Could Pirates Prospect Nick Kingham be this Year's Version of Michael Wacha?
Pittsburgh Pirates 2014
Significant success after triple-A promotion
After a solid showing at double-A Altoona to end last season and more solid pitching there for the first two months this season, Nick Kingham earned a promotion to the triple-A. Nick Kingham has responded very well to the promotion to triple-A, and after four starts in the new league, teams have struggled to score against him. Kingham is implementing the Pirates pitching philosophy to near perfection, which has led to very few hits against him without a low walk total and a decent strikeout rate. Kingham buying into the Pirates ground ball pitching philosophy has led to his ground ball rate going from 1.04 ground ball outs for every fly ball out in his time at double-A, to 1.24 ground ball outs for every fly ball out at triple-A. Like Wacha last year, Kingham is a Pirates pitching prospect who has been pushed pretty quickly through the farm system. Also like Wacha, he is a tall right handed pitcher who is able to use a good downward plane to throw his fastball at the bottom of the strike zone. While not being quite as tall as Wacha, Kingham does possess the same three pitch repertoire that Wacha is now featuring at the Major League level.
A look at the triple-A numbers
Beyond just the 1.24 ground ball out to fly ball out rate, the numbers for Nick Kingham at triple-A have been very impressive. Kingham has never trailed in a game at triple-A this year and he has allowed one earned and a total of two runs in 26 and two thirds of an inning pitched. He has also pitched six or more innings in each of his four triple-A starts so far. Kingham received two no decisions in two of the four starts he has made at triple-A so far, but he has two wins in other two to run his record to 2-0 with a 0.34 earned runs average. Kingham currently has 20 strikeouts in those 26 and two thirds innings pitched, which gives him a 6.75 strike per nine innings pitched rate. Kingham also only has five walks in his sample of innings pitched so far, which gives him a rate of 1.69 walks per nine innings pitched at triple-A. This walk rate also give him only 20 base runners allowed via the walk and base hit so far at triple-A. This leaves his walks plus hits per inning pitched rate at 0.75 through his first four triple-A starts. While most of these numbers are spectacular, the sample size has to be considered, but there is a chance he could produce in similar fashion to Wacha from last season if he can carry over the strong pitching to the Major League level as the season winds down.
Similarities between Kingham and Wacha
Michael Wacha is a pitcher who is six feet and six inches tall, while Nick Kingham is a pitcher who is six feet and five inches tall. They are both right handed pitchers who rely heavily on their plus fastball to set up solid off speed pitches. Both make use of a four seam fastball and a two seam fastball that has more movement to generate ground ball contact. Both throw the ball on a downward plane to the plate in order to pound the bottom of the strike zone with quality strikes at high velocity. They both feature their best fastball command when they are throwing in the low to mid 90s, but they can both reach back and light up the radar gun at 98 MPH from time to time. Wacha and Kingham complement their fastballs with a changeup and curveball combination as their two secondary pitches. They do a variety of things with their fastballs to set up these pitches, but when they start both pitches on the downward plane that they typically throw their fastballs, the effectiveness of these pitches increase. Occasionally they attack hitters upstairs with the four seam fastball, which sets up their knee buckling curveball that they start on the higher plane but drop down into the strike zone perfectly for a called strike three.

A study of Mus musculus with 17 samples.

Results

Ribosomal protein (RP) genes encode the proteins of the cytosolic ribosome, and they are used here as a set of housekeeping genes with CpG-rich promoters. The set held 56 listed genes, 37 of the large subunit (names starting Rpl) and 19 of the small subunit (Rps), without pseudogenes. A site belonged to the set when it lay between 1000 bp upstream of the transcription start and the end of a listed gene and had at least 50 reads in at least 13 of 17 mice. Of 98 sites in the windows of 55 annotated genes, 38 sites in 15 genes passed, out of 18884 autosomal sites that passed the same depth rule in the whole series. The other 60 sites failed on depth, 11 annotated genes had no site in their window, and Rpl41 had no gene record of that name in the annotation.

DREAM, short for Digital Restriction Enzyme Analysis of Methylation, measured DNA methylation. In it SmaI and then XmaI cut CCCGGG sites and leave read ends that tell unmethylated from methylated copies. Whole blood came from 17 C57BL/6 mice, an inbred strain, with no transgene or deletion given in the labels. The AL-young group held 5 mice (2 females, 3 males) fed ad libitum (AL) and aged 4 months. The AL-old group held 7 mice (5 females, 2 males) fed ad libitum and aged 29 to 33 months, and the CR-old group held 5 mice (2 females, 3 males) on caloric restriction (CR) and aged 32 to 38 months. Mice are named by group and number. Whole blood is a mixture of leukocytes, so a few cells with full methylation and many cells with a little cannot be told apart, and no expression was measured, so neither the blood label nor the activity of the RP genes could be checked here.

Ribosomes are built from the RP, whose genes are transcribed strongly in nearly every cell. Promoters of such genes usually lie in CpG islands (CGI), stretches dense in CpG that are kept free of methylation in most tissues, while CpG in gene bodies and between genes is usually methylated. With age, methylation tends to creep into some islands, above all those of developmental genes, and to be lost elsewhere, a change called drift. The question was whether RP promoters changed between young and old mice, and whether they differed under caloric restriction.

When Kingham could be ready
By the beginning of August, Nick Kingham will have completed either nine or ten starts at triple-A. If at that point he is still continuing his early mastery of that level, then he could be ready for a promotion to the big leagues for the final quarter of the season. To line things for Kingham to pitch in the final 40 games of the season at the big league level, the Pirates may choose to give him extra time in between starts at triple-A and bring him up in the middle of August. They could choose to do this in an effort to manage his innings, in anticipation of the team potentially making a deep playoff run this season. If Nick Kingham's first four starts at the triple-A level are any indication, then he is quickly approaching the point where he will be deemed to be ready for the Major Leagues. The Pirates like to get their prospects significant time at each level of the minors, but Nick Kingham has already proved to them that he is advanced enough to move more quickly than some of their other pitching prospects in the past.
While there is no guarantee that the Pirates will get a Wacha-like performance from Nick Kingham this year at the big league level, there are enough similarities between the two pitchers that it would not be surprising. Kingham throughout the minor leagues has shown breakout ability like Wacha did when he was in the minor leagues for the Cardinals. The strong walk per nine innings pitched rate is the most significant similarity between the two pitchers, and a very strong indicator of future success for Wacha at the big league level. Wacha set the expectations very high for pitchers who possess similar abilities to him, but Kingham's early performance at triple-A is a strong positive indicator for him. The story that could potentially belong to Nick Kingham will be interesting to see unfold, if and when he makes his debut in the big leagues this season.